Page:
Why do baseball players making millions of dollars make the poor decision to drive after drinking alcohol? I should really extend this question as to why anyone chooses to drive after drinking since the costs and consequences far out-weigh the cost of taking a taxi.
The latest Major League Baseball player to get arrested for driving under the influence (DUI) is Boston Red Sox pitcher Bobby Jenks.
In a public statement, according to ESPN, Jenks admits he is embarrassed by the situation and apologized to his teammates and to the Red Sox organization for any distractions he may have caused.
Jenks was arrested and charged with five misdemeanors, including driving under the influence and leaving the scene of a crash involving damage to property. The incident occurred during Spring Training in Florida.
The 31-year-old Jenks was booked at 3:43 a.m. He had agreed to a field sobriety test but told officers he was going to fail it. He stopped halfway through and admitted to being “messed up.”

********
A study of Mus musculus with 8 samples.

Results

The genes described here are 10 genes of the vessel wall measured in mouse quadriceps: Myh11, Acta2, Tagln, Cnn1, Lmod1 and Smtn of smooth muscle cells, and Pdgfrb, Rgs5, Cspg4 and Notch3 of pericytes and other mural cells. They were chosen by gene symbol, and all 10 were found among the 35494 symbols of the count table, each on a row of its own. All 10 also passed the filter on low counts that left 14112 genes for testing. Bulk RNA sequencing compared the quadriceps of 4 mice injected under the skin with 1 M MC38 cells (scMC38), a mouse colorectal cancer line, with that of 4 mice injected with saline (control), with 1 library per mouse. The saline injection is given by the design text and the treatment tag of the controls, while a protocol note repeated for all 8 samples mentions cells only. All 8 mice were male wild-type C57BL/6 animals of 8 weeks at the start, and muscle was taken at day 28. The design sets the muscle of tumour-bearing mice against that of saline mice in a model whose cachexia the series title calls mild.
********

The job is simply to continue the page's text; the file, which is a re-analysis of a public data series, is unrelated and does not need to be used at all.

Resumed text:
During the test, Jenks indicated he couldn't complete it because he was "messed up." Jenks was then arrested, according to the report.
Before the sobriety test, Jenks was asked whether he had taken anything other than muscle relaxers and again kept telling the truth that he had just left a bar where he had hit another vehicle.
Bouncers as the bar had offered to call Jenks a cab. He should have taken them up on their offer. Hopefully, this will serve as a wake-up call to both Jenks and other MLB players. Perhaps the MLB Players Association will start mandating alcohol classes for its members.